The core issues that Dr. Jeff Welker's projects are addressing consist of two broad Arctic themes. His research programs are designed to fit within several UArctic Thematic Networks, including; Arctic-Boreal Hub, Health and Well Being in the Arctic, Northern Food Security, Sustainable Production and Foraging of Natural Products in the North.
How do historical reindeer use patterns affect the response of sub-Arctic reindeer ranges when considering factors such as differences in winter snow conditions? How do husbandry practices in Lapland affect reindeer diets and commercially produced reindeer products?
This research program will leverage several enterprises, existing collaborations and communities dedicated to the caribou and reindeer system. We are using, in part, a new EU-funded program that will be implemented using reindeer enclosure systems at the Oulanka and the Kevo field stations. These will provide the sites for some of our snow x reindeer grazing experiments and trace gas (CO2, CH4, N2O) feedback process studies that will address understory energy balances, C and N fluxes and forage quality and quantity. In addition, we will utilize collaborations between the University of Oulu, University of Lapland, the Arctic Center, Lapland reindeer herders, and the Sami Education Institute in the reindeer husbandry-animal diets and meat quality studies.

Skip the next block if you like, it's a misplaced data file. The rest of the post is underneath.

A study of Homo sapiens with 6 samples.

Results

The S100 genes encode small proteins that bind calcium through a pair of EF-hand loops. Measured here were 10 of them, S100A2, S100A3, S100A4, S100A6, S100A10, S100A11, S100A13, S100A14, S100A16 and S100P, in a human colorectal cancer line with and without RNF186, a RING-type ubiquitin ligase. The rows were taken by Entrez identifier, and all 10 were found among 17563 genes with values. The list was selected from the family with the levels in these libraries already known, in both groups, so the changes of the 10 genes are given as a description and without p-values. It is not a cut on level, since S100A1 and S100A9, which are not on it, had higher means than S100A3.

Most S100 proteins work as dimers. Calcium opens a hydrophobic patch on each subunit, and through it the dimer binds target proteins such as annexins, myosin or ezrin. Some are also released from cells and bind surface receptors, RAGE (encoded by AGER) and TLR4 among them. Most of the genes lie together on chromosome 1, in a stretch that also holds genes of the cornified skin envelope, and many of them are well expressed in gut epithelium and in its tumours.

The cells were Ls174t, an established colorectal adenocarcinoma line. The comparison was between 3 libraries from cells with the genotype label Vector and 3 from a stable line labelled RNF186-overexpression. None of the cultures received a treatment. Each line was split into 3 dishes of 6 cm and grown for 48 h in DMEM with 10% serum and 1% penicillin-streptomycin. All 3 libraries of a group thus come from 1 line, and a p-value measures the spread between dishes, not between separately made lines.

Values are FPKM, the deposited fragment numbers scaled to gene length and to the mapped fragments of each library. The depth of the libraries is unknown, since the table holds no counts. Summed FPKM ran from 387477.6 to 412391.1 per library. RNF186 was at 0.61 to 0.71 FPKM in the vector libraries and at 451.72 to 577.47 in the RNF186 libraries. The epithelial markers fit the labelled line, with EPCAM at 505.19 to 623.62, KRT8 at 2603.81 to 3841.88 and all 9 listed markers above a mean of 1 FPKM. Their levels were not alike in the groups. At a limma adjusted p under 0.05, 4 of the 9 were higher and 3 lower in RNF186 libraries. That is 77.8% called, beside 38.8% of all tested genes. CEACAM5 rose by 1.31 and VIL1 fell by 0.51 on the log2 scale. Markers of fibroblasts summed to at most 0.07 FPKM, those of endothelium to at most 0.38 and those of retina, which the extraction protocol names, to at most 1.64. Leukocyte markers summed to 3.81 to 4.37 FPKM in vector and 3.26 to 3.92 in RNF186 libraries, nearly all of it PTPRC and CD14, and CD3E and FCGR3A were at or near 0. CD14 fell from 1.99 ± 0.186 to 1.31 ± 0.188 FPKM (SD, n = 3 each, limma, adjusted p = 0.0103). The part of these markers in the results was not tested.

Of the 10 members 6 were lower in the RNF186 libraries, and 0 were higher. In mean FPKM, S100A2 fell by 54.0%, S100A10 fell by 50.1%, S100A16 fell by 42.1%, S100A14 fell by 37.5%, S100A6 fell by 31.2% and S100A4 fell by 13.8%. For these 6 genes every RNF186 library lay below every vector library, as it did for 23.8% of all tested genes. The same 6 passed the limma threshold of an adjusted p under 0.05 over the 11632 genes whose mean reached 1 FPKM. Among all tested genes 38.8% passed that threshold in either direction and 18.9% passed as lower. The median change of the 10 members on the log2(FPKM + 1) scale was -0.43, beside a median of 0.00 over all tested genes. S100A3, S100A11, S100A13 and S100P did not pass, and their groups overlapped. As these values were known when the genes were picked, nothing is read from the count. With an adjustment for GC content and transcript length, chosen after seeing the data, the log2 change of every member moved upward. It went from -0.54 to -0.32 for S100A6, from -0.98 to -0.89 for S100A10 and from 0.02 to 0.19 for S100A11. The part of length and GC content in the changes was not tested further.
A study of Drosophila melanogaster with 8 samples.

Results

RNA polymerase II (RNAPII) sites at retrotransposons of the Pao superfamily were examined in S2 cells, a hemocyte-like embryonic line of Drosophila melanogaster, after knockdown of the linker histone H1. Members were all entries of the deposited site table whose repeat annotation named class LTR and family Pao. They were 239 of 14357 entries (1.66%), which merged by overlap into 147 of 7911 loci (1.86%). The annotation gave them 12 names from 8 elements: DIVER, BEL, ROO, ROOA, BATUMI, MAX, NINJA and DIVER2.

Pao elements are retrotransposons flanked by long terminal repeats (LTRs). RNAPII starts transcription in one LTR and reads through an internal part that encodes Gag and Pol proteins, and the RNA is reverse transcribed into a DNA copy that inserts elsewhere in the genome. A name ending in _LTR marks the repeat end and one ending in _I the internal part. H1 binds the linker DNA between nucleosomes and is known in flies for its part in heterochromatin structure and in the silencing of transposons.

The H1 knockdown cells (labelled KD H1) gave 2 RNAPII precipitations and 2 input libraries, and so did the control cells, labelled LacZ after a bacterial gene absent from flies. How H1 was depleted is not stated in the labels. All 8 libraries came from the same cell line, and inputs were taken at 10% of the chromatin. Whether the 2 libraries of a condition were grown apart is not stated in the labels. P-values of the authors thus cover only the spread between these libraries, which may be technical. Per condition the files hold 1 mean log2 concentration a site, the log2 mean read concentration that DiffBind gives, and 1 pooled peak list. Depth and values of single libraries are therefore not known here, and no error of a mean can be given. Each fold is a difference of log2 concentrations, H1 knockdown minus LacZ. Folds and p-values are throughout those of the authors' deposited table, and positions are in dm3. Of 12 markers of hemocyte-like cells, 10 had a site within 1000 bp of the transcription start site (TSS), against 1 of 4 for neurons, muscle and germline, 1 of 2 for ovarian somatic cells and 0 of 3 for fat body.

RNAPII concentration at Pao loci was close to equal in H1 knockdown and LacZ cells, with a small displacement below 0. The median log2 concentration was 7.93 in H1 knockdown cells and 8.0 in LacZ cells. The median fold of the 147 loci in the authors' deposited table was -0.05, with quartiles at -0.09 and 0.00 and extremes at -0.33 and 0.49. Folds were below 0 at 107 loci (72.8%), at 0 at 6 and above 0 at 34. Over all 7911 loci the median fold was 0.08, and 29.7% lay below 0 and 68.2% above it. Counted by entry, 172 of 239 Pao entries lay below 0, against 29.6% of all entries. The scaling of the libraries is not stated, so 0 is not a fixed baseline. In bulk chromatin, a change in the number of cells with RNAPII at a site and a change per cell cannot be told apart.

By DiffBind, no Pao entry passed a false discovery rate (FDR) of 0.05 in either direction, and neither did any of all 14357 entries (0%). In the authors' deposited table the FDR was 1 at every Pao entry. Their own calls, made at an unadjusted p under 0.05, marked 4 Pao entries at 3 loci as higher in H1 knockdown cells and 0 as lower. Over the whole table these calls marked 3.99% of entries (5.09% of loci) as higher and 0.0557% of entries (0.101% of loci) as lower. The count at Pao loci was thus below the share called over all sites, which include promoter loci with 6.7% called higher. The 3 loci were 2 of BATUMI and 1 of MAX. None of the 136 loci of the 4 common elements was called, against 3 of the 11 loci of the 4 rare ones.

This is project involves collaborations between a young Finnish scientist, Dr. Maria Vaisanen (University of Oulu-UArctic Research Chair postdoctoral fellow), with Welker’s National Science Foundation’s caribou team members from Alaska (Drs. Kathy Kelsey, Stine Pedersen, and Josh Leffler). The program will also utilize collaborations between scientists at Lund University in Sweden, Aarhus University in Denmark and the staff and management at the Oulanka and Kevo Field stations.
We are also planning to develop reindeer husbandry projects with the Sami Education Institute and associated members who use the Muddusjarvi, Naatamo and the Kaldoaivi reindeer grazing districts. In particular, we plan to investigate how varied husbandry practices may lead to differences in reindeer diets and that, in turn, may be affecting the quality of commercially developed meat products. These diet studies will likely use data on collared animal locations as well as blood and tissue chemistry (δ15N and δ13C) to differentiate foraging behaviors.
Figure 1: UArctic Research Chair Welker's Reindeer-climate interaction landscape in Lapland, Arctic Finland. The northern boreal forest and the tundra region of Arctic Finland are the home to the Oulanka and Kevo Research Stations and the reindeer husbandry industry that will be part of this comparative, collaborative study. Oulanka and Kevo are part of the EU INTERACT (coordinated by the University of Oulu) program and have a long history of studying the role of reindeer grazing on understory vegetation and soil properties.